April 28, 1999

However, no agreement from Monday’s meeting emerged on a papal trip to the Holy Land, a potentially explosive dispute over plans to build a mosque in Nazareth or other Middle East issues, including the status of Jerusalem.

“I want to be very clear, and I said this today” at the meeting, Sharon told a news conference. “Jerusalem has been the capital of the Jewish people for 3,000 years and the capital of the state of Israel for 51. It will never be divided. It will always be the only and indivisible capital of Israel.”

In the past, the Vatican has suggested that Jerusalem become either an internationally mandated holy city or the capital of both Israel and an eventual Palestinian state. Vatican officials have called the Israeli occupation of eastern Jerusalem “illegal.”

Sharon had a 30-minute private audience with the pope followed by what the Vatican called a more-than-90-minute “working meeting” with Vatican Secretary of State Cardinal Angelo Sodano and other senior Vatican officials.

A Vatican statement said talks centered on “the tormented peace process in the Middle East, on the conditions of the presence and activity of the Catholic church in the country, as well as on the necessary cooperation in view of the celebration” of the millennium.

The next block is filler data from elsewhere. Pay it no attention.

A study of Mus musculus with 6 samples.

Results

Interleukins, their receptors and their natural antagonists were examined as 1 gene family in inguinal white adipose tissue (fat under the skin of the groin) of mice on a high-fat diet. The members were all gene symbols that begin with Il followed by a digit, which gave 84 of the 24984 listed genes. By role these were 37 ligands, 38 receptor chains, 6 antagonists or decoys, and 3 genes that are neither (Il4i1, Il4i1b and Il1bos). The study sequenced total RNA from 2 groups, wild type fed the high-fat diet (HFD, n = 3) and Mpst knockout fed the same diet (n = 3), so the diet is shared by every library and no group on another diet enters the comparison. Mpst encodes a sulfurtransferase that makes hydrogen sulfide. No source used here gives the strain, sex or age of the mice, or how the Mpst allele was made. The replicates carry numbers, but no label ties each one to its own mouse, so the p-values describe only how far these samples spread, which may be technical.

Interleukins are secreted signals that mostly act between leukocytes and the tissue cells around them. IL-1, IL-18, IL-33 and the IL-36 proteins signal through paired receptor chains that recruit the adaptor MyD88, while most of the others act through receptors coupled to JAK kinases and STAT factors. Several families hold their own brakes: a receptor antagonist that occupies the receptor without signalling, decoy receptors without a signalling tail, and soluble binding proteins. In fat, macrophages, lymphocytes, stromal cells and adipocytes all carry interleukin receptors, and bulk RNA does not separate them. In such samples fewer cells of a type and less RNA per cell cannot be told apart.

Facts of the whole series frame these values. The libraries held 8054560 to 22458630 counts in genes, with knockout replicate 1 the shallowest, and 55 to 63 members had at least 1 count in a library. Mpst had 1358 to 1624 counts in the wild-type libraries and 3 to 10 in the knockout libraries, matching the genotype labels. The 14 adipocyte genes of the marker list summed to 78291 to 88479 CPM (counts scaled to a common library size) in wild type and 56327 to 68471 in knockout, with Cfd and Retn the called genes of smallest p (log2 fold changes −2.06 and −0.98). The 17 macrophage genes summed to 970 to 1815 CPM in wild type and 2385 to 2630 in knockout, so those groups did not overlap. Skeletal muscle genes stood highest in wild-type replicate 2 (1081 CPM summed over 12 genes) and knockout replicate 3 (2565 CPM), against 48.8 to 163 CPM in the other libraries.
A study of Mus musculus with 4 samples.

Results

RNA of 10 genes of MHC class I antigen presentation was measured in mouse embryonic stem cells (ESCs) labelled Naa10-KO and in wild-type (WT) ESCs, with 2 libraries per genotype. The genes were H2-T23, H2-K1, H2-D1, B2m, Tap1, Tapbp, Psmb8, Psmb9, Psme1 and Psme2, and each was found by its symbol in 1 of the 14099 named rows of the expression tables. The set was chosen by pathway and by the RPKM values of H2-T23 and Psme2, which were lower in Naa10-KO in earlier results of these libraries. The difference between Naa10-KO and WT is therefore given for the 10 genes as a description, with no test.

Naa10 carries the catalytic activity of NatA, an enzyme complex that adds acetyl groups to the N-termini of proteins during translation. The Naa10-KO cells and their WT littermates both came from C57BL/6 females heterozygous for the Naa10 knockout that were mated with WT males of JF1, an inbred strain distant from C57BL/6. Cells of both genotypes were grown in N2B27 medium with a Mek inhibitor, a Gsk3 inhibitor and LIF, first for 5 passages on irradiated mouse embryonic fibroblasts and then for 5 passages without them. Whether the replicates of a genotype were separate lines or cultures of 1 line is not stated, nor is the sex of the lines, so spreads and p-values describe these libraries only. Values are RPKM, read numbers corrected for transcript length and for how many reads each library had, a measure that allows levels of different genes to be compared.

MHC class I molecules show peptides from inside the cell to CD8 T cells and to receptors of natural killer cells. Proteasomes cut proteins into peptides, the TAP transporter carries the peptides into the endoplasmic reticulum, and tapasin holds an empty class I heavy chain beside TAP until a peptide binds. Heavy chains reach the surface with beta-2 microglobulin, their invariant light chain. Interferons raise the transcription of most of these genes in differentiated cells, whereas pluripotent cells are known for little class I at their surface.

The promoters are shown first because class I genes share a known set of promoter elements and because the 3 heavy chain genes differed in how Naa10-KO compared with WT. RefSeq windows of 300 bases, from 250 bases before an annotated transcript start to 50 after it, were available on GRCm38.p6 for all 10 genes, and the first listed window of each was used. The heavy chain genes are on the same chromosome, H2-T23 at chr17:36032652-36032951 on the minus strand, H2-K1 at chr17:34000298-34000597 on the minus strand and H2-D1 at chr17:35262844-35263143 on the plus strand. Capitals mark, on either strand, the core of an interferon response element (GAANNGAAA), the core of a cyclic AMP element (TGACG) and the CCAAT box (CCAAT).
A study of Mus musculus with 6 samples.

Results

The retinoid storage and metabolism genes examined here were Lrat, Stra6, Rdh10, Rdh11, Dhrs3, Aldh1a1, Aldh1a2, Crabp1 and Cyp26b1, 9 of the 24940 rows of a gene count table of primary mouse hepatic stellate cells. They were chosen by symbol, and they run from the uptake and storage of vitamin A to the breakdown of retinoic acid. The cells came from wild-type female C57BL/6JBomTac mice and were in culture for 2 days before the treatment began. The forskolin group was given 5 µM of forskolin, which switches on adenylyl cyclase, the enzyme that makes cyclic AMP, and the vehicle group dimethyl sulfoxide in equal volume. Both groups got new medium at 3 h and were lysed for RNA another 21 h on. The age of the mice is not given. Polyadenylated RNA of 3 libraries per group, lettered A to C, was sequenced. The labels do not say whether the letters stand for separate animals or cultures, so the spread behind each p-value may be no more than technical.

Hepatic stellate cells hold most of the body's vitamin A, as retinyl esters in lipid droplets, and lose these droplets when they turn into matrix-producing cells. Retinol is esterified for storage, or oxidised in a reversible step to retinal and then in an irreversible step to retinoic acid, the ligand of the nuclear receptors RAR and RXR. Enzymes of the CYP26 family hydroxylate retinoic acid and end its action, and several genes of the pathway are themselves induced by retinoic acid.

Sharon renewed Israel’s longstanding invitation for the pope to visit the Holy Land, saying he hoped he would realize his dream of visiting sites during the millennium year.

“He wants to come and we want him to come,” he said. “We hope it happens. We want him to be the first pilgrim, first in every way.”

He also guaranteed safety and freedom of movement for Christians pilgrims to all Holy Land sites under Israeli jurisdiction.

The tense situation in Nazareth, he said, was high on the agenda.

“I came to hear the position of the Catholic church,” he said. “I am convinced that a solution will be found. We have discussed the issue.”

Nazareth, revered by Christians as the boyhood home of Jesus, is Israel’s largest Arab city.

Muslims want to build a large mosque on land in Nazareth near the Church of the Annunciation, the site where Christians believe the angel Gabriel announced to Mary that she would give birth.

Christians oppose this plan and, with the Vatican’s backing, Christian churches in the region have threatened to close their doors if Israel approves construction of the mosque.

Violent clashes broke out over the affair during Easter.

The dispute is threatening to disrupt millennium celebrations there.